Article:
Ferdinand Hammer, 78, a retired foundry supervisor, formerly of Sterling Heights, Michigan, was ordered deported by the Chief United States Immigration Judge in 1997 on the ground that, from 1944 through the end of the war, he participated in the persecution of persons because of their race, religion, national origin, or political opinion as a member of the Nazi SS-Totenkopf Sturmbanne (Death's Head Battalions) at the Auschwitz Concentration Camp in Nazi-occupied Poland, and at the Sachsenhausen Concentration Camp outside Berlin.

The immigration court cited captured Nazi documents, which showed that Hammer also guarded prisoners on transports between concentration camps during the winter of 1945, as the Nazis evacuated the camps to escape the advancing Soviet Army. The U.S. Court of Appeals for the Sixth Circuit affirmed the deportation order in November 1999. The U.S. Supreme Court denied Hammer's request for review on February 28, 2000.

Hammer was previously stripped of his naturalized U.S. citizenship in 1996 by the United States District Court in Detroit, on the ground that he misrepresented his service as an armed SS guard when he applied for U.S. citizenship in 1963. "The removal of this former concentration camp guard sends a message that the United States will continue to deny sanctuary to those who helped the Nazis carry out their program of brutality and murder," said OSI Director Eli M. Rosenbaum.

The Auschwitz death camp, where Hammer served, was the largest in the Nazi camp system and contained the Third Reich's largest facilities of mass murder. Between mid-1940 and January 1945, at least one million people, the overwhelming majority of them Jews, were murdered at Auschwitz.

In January 1945, when the Nazis closed the camp, prisoners were forced to march long distances in freezing conditions without adequate winter clothing. Those unable to keep up with the march were routinely shot. Prisoners were then loaded onto open cattle cars for the rail journey to the Sachsenhausen camp. Many prisoners died during the evacuation, often from exposure. The subsequent transports out of Sachsenhausen were conducted under similarly brutal conditions, and many people died as a result.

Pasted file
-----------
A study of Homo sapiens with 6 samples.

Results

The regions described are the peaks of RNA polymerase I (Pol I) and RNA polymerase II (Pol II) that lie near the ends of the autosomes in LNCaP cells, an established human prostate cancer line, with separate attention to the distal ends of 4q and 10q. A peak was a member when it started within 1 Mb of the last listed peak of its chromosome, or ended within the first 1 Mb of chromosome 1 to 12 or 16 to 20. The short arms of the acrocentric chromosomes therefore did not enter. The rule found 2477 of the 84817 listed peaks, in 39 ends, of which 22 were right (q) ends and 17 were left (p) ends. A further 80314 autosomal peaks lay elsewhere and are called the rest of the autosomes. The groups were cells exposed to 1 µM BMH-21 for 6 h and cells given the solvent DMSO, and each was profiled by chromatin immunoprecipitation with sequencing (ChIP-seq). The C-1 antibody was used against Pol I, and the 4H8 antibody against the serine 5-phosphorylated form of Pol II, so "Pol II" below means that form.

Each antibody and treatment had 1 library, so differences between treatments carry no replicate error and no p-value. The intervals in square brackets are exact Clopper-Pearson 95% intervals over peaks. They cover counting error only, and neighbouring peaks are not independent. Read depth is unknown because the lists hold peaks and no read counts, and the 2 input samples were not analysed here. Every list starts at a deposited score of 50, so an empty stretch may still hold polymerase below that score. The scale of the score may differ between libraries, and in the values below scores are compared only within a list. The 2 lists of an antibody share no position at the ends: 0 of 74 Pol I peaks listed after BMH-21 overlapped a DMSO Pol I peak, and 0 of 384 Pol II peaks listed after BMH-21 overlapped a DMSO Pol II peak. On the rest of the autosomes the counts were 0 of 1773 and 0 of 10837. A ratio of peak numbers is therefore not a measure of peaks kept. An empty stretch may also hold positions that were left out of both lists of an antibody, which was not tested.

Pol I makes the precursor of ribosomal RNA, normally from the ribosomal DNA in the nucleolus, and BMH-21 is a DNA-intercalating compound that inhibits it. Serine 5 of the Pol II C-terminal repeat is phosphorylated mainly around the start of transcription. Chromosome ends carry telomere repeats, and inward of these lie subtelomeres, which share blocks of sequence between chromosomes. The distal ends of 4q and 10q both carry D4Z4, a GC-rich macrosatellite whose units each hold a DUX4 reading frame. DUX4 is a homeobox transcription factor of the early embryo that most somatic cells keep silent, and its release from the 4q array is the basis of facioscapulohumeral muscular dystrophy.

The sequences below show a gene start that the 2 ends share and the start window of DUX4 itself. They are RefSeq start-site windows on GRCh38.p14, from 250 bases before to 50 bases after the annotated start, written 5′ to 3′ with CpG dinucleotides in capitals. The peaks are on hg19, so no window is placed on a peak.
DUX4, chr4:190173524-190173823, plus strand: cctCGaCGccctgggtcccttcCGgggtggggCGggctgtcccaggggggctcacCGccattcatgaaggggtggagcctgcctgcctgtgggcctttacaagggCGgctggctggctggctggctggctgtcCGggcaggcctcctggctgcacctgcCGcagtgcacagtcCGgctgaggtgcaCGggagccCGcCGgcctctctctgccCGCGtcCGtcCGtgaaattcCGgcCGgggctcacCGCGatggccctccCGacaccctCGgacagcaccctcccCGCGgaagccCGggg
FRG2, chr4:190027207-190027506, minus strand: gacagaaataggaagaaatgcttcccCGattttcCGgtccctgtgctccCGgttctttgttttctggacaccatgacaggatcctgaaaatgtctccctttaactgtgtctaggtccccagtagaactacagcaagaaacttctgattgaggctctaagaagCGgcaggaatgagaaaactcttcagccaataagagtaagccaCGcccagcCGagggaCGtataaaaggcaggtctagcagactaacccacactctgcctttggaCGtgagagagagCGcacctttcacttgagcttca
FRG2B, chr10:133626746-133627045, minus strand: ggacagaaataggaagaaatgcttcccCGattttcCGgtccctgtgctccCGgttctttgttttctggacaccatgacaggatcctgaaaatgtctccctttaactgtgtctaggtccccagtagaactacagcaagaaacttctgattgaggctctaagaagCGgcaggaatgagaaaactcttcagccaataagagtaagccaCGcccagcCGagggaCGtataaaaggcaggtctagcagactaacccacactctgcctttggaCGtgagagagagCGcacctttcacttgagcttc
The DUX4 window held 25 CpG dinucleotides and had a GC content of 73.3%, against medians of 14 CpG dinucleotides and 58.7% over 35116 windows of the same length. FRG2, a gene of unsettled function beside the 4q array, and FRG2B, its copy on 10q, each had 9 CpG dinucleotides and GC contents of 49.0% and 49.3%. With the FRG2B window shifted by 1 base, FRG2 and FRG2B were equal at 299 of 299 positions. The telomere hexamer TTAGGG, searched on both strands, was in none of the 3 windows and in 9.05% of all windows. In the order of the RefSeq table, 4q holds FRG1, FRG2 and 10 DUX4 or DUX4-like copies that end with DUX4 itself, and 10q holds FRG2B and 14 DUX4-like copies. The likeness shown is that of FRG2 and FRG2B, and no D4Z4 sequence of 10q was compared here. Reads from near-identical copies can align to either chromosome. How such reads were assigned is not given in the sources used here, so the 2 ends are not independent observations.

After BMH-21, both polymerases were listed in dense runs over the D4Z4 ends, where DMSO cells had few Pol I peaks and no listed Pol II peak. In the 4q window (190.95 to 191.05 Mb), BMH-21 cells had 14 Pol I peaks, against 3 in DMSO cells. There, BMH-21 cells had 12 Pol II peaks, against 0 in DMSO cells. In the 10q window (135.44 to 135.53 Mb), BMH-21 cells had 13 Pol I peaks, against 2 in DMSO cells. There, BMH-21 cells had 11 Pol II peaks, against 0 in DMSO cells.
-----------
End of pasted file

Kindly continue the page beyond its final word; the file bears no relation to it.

During Hammer's service as an armed SS guard at Sachsenhausen Concentration Camp, tens of thousands of individuals, including Jews, political prisoners, and civilian forced laborers from nations throughout Europe, along with Soviet prisoners of war, were murdered by shooting, hanging or other means, or died as a result of torture, malnourishment, illness, hard physical labor, medical experimentation, or other forms of mistreatment.

The Court of Appeals found that "[o]ver one million people were murdered based solely on their religion or ethnicity at the concentration camps where Hammer stood guard."

Hammer did not disclose his concentration camp guard service to U.S. immigration officials when he entered the United States from Austria in 1955. The immigration court initially ordered Hammer deported to Croatia, because that country now has jurisdiction over Hammer's place of birth, which was formerly in Yugoslavia. Croatia refused to readmit Hammer. The country of deportation was changed to Austria because, under the terms of Hammer's entry visa, Austria had agreed to readmit him if it was later determined that he obtained the visa by means of fraud.

The case against Hammer was brought by the Criminal Division's Office of Special Investigations (OSI). 63 persons have now been stripped of U.S. citizenship and 53 have been removed from the United States as a result of cases brought by OSI since the unit's creation in 1979.